By James Wigderson
Special Guest Perspective for the MacIver Institute
In the 2010 November elections, the two neighboring states of Illinois and Wisconsin chose completely different paths to fixing their fiscal problems. In Illinois, the home state of President Barack Obama, the Democratic governor and the Democratic legislature chose to raise taxes and increase spending. In Wisconsin, the home state of Congressman Paul Ryan, the Republican governor and the Republican legislature decided to make structural changes to control spending without raising taxes.
It was the perfect opportunity to see what really works.
They say that the first step in ending self-destructive behavior is admitting that you have a problem. In Illinois, they are finally admitting that they have a problem. The state’s finances are still a mess in desperate need of help. But like an obese person stepping on the scale and deciding more donuts and bacon fat will fix the problem, Governor Pat Quinn is putting Illinois on a diet of more taxes and spending.
Quinn unveiled his budget plan to his state’s legislature last week saying the “rendezvous with reality has arrived.” The state may have finally rendezvoused with reality, but the tax and spend mentality driving Illinois to the brink continues almost oblivious to the damage it is wreaking.
The Illinois Policy Institute says, “From 2000 to 2010, state per capita spending grew by 71 percent, more than twice Illinois’ growth in GDP per capita.” Despite this dramatic increase in spending, Quinn plans to increase spending by $20 million more on education, $50 million more on college scholarships, and $700 million more on government employee pensions.
But what really stands out about Quinn’s budget plan is how it continues last year’s dramatic “temporary” 67% income tax increase, $6.8 billion per year. Local property taxes could go up dramatically, too, if Quinn has his way in putting the burden of pension benefits onto the local school districts. Quinn is also asking the legislature to consider “closing corporate loopholes” on companies based in Illinois but earn income elsewhere, raising corporate taxes by $75 million. That’s in addition to the 45% increase in the corporate tax rate last year.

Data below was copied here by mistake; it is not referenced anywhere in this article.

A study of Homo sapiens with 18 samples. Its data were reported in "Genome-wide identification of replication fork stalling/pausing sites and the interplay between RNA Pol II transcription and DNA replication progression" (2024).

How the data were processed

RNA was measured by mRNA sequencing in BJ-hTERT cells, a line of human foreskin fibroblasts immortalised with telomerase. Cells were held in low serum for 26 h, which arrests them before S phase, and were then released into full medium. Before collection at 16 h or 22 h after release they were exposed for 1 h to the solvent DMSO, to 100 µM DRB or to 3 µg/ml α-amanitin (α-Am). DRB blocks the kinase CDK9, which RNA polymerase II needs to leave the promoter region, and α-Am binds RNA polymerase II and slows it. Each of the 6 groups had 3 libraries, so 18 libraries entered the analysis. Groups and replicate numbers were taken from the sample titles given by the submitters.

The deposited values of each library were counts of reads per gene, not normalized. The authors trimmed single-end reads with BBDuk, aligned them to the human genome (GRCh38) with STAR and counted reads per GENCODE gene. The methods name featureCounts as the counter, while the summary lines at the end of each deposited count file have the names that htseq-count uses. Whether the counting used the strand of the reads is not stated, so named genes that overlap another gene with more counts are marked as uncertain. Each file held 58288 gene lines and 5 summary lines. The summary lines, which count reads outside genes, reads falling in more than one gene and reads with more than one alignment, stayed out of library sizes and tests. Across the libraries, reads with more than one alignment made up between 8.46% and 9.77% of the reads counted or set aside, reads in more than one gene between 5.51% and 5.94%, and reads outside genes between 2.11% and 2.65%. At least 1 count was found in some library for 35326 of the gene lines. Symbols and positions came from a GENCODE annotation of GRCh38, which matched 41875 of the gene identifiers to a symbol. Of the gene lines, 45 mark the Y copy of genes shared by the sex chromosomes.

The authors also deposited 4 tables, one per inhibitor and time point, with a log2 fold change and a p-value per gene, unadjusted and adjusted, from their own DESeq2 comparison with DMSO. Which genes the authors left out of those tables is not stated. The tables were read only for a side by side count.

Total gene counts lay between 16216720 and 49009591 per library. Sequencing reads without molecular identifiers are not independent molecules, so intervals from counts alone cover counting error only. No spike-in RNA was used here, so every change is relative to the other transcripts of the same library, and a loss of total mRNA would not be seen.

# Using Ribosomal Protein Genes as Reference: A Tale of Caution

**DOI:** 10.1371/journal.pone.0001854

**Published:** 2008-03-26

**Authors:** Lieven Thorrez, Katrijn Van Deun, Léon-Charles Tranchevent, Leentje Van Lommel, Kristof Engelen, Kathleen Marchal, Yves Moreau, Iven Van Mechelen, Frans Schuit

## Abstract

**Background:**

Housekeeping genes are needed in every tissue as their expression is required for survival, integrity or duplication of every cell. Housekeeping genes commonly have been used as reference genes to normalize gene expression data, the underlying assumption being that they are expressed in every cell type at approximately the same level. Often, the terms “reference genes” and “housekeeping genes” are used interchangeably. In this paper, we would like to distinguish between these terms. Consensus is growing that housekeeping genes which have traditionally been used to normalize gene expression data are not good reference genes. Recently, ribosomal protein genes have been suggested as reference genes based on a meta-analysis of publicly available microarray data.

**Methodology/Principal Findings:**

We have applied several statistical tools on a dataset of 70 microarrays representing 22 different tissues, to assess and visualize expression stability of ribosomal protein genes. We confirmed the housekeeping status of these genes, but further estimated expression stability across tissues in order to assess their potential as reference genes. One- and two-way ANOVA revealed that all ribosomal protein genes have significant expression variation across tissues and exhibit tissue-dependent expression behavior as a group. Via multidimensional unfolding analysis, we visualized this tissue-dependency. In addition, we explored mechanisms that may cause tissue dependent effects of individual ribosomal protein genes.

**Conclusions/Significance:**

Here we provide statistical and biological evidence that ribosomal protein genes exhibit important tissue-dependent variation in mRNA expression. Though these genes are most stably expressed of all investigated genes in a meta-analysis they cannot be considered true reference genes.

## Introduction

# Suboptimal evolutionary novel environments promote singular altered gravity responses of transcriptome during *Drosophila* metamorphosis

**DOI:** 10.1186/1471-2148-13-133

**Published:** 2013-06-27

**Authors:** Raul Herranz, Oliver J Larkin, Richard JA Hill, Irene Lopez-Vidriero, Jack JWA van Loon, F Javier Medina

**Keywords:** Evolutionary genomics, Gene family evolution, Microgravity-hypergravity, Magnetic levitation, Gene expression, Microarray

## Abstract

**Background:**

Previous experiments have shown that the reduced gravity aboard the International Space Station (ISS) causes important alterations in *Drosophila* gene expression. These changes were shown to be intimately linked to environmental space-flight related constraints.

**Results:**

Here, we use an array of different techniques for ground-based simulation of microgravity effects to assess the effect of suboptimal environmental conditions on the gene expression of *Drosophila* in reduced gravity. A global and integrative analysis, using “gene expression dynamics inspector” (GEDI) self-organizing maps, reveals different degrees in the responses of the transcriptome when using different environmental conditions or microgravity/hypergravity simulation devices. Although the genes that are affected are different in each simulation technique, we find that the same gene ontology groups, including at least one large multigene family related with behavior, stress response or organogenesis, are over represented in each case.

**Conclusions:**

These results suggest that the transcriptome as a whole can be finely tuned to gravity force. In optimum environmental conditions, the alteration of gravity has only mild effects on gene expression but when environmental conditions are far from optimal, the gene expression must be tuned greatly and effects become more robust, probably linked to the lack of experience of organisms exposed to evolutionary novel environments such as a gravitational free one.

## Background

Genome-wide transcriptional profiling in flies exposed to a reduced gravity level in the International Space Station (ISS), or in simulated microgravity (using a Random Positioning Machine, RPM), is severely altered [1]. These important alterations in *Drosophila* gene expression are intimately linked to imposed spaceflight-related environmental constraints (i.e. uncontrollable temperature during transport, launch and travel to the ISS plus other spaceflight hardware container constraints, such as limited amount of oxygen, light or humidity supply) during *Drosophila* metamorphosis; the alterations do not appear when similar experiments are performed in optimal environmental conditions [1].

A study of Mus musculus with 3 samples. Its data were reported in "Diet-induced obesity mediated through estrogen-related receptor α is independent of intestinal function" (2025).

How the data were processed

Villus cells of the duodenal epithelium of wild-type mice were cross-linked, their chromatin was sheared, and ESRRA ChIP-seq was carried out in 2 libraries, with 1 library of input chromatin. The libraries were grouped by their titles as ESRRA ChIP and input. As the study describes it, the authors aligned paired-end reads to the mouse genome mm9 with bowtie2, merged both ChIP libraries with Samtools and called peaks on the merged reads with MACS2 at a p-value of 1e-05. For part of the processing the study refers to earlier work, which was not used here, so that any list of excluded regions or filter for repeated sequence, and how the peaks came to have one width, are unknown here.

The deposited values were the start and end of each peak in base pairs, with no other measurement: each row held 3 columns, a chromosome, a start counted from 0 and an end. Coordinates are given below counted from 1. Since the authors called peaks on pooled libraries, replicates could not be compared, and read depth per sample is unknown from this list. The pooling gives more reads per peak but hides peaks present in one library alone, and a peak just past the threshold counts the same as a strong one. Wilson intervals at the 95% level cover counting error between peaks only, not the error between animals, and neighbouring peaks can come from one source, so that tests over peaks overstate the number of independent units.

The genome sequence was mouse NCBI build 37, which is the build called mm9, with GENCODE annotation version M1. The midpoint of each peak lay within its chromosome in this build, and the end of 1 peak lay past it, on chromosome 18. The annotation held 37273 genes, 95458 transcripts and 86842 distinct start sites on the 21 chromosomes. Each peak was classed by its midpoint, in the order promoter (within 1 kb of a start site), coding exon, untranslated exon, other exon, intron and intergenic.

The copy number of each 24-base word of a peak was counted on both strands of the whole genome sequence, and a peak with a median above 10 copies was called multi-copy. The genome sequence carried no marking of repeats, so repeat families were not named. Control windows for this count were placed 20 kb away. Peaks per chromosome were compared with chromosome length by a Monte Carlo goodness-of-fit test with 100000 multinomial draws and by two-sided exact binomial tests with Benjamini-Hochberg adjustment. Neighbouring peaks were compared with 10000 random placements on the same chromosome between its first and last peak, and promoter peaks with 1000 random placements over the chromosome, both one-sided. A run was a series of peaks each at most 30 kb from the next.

It’s clear that the Illinois approach is not working. Despite the increased taxes, Illinois is a state that cannot meet its obligations. The state still has $8 billion in unpaid bills, causing some of the state’s vendors to go out of business. Quinn’s budget proposal would only pay $163 million towards that mound of unpaid state obligations. The state’s pension fund will still be underfunded by $80 billion and state retiree healthcare will be underfunded by $40 billion.
Meanwhile, Illinois is getting ready to cut core services like Medicaid by $2.7 billion, and that’s only if the legislature can figure out how to do it.
Quinn’s budget calls for shutting down prisons, including the state’s only maximum security prison for women, and mental hospitals. This will mean the layoff of 1,110 state employees. Suddenly being a state employee in Wisconsin doesn’t look so bad.
Actually, Wisconsin as a whole looks better than its neighbor to the south. Remember, Wisconsin actually paid off the debt owed to Minnesota under the old tax reciprocity agreement and is paying off the $200 million debt to the Injured Patients and Families Compensation Fund. So much for unpaid obligations.
When Wisconsin Governor Scott Walker took office, he was facing a $3.6 billion structural deficit. That’s been eliminated and the budget was balanced this year without raising taxes.
Despite fears to the contrary, Walker’s Act 10 reforms allowed the school tax levy to actually go down this year. By limiting collective bargaining for public employees to wages, school districts across the state were able to make changes to teacher benefits to lower costs.
Wisconsin avoided the massive layoffs and service cuts that its neighbor to the south is enduring. Wisconsin did it without the increases in taxes and spending that took place in Illinois. One state is on the right track to long-term fiscal health, while the other state is on a Greek island cruise. So which state is going through recall elections?